I had a great time talking about children's books with a group of Rhode Island librarians this week at a Professional Development Workshop where we discussed and voted for the Mock Caldecott Award for 2012. The event was held at the stately William Hall library on Broad Street in Cranston.
The Caldecott Medal has been given annually since 1938 by the Association for Library Service to Children (a division of the American Library Association) to
the artist of the most distinguished American picture book for children.
The real Caldecott Medal will be announced in Dallas at 7:45 a.m. CT on Jan.23, 2012, along with announcements for the Newbery Medal, the Coretta Scott King Book Award and Printz award. The books honored serve as a guide for parents, educators, and librarians. The awards are selected under a cloak of secrecy by national judging committees composed of librarians and other children’s literature experts.
Since I was giving a Powerpoint presentation about children's book design at the workshop, I delved into the criteria for this particular award. Here is my version of the criteria, condensed and simplified:
What is a "Picture book for children?"
• Children up to age 14 are an intended potential audience,
• The book displays respect for their understandings, abilities, and appreciations.
• The book provides the child with a visual experience
• It develops a collective unity of story-line, theme, or concept through...pictures.
Criteria to consider:
Excellence of pictorial interpretation of story, theme, or concept;
Delineation of plot, theme, characters, setting, mood or information through the pictures;
Excellence of execution in the artistic technique employed;
Appropriateness of style of illustration to the story, theme or concept;
Excellence of presentation in recognition of a child audience.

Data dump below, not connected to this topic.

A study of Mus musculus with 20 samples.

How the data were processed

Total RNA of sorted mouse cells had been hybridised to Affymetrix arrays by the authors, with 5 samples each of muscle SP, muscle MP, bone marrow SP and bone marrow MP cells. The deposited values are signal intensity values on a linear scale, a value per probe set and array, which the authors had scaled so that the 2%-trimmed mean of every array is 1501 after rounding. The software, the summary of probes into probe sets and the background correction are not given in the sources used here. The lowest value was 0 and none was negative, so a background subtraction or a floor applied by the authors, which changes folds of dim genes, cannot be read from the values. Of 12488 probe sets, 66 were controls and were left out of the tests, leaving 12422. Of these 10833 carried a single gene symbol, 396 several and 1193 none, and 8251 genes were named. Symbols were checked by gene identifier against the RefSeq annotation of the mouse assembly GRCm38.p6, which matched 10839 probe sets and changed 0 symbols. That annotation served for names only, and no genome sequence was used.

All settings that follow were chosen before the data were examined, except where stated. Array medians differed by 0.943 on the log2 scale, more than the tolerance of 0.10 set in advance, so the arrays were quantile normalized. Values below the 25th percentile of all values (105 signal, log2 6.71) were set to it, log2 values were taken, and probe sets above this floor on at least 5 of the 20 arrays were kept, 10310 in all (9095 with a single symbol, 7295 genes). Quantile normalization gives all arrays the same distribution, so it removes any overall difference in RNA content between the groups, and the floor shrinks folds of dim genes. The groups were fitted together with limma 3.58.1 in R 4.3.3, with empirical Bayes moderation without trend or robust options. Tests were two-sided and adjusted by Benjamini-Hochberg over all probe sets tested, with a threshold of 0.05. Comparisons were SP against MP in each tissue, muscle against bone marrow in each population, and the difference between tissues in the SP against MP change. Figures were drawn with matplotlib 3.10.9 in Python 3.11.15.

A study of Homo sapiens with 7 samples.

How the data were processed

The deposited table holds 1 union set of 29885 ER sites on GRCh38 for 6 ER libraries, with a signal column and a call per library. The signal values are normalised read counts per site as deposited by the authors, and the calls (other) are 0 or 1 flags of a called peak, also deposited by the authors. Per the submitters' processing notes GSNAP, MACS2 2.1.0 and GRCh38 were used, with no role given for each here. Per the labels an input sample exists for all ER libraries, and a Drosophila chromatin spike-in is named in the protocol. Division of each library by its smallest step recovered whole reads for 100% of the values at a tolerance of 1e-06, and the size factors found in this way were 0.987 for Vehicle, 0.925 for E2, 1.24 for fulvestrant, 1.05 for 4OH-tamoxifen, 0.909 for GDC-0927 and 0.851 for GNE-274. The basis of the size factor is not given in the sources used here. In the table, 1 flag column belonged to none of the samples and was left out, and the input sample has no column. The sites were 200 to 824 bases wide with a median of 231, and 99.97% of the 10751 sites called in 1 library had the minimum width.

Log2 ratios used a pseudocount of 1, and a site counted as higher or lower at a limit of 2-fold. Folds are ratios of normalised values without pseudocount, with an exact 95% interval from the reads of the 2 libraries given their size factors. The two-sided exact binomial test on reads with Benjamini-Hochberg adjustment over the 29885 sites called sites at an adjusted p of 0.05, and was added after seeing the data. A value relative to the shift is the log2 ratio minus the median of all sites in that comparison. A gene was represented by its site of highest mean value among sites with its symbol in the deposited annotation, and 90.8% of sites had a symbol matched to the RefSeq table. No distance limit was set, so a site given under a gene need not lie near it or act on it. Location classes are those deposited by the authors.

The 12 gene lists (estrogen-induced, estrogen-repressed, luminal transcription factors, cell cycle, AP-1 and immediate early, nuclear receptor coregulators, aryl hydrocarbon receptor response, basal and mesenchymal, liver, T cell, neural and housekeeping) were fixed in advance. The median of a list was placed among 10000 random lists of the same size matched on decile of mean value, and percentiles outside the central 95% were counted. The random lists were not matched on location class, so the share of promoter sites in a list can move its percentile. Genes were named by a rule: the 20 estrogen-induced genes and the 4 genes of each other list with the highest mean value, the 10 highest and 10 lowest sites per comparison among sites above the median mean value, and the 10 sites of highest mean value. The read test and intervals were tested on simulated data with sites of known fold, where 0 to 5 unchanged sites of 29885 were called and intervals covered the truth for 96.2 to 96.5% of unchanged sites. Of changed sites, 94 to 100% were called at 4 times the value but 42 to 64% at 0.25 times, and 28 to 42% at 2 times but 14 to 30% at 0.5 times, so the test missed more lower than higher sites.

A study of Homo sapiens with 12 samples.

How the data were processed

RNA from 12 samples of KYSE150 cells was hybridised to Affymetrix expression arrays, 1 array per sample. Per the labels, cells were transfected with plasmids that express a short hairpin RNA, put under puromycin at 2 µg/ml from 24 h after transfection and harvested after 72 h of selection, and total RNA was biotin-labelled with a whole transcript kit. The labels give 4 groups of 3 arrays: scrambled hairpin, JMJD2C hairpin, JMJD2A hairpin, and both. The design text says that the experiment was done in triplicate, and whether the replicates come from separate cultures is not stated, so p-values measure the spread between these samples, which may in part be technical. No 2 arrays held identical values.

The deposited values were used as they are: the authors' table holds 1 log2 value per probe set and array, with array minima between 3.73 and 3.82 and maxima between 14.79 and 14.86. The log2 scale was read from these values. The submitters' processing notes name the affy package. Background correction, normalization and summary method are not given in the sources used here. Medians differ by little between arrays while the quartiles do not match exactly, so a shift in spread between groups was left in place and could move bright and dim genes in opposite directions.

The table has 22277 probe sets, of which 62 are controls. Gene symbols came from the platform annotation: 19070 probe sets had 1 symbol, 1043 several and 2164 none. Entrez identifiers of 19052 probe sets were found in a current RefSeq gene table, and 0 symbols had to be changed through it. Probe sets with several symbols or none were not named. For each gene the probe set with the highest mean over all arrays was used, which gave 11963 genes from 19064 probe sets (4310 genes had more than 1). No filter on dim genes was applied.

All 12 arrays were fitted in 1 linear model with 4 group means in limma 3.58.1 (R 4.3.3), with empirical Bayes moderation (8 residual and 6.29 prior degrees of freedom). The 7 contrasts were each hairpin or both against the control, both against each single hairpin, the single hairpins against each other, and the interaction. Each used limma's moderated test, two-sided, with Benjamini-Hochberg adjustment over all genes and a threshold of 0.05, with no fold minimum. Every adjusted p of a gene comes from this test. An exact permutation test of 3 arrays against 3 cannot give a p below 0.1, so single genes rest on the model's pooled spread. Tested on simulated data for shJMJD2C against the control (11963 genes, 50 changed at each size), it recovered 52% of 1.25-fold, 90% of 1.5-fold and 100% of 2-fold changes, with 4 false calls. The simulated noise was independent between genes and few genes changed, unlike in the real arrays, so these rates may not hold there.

What makes a picture book “distinguished?”
Marked by eminence and distinction, excellence in quality.
Noted for significant achievement.
If you want to see the criteria in it's original form, along with all the Caldecott award and Honor Books for the past 75 years,
A tiny sample of the books that won the Caldecott in earlier years:
2010: The Lion & the Mouse
by Jerry Pinkney (Little, Brown & Company)
1963: The Snowy Day
by Ezra Jack Keats (Viking)
1943: The Little House
by Virginia Lee Burton (Houghton)
AND THE WINNER IS...
With the wealth of incredible artists who create stunning visual experiences for children, and stories and characters that ranged from hilarious to profound, the choosing wasn't easy. We started with 30 titles, and voted a bit hurriedly at the end, but these were the picks for this year's Caldecott from a small group of RI librarians and illustrators.
WINNER: Grandpa Green, by Lane Smith.
To read more about the making of Grandpa Green, you'll find a wonderful article and extensive photos on Seven Impossible Things Before Breakfast. This, by the way, is a site that children's book enthusiasts could study for weeks on end, it has such a wealth of information. To access the Lane Smith article, click here:
HONOR BOOK: Me... Jane, by Patrick McDonnell
This beautifully designed book tells of Jane Goodall's childhood dreams, complete with photographs and excepts from a diary she kept.
Me... Jane, by Patrick McDonnell
HONOR BOOK: Blackout, by John Rocco
This is the story of city folks who come out of their apartments when the lights go out in New York City. With a hybrid graphic novel/picture book look, the story is essentially one of family and community.
Blackout, by John Rocco
Here is a trailer about "Blackout."
There are so many wonderful books to choose from. Go check out a few of them on your own!
Thanks to Cheryl Space for putting together such a great event, to Wendy and Walter for coming, and to all the book-loving and insightful librarians for a fun morning.
It will be interesting to see who wins on January 23.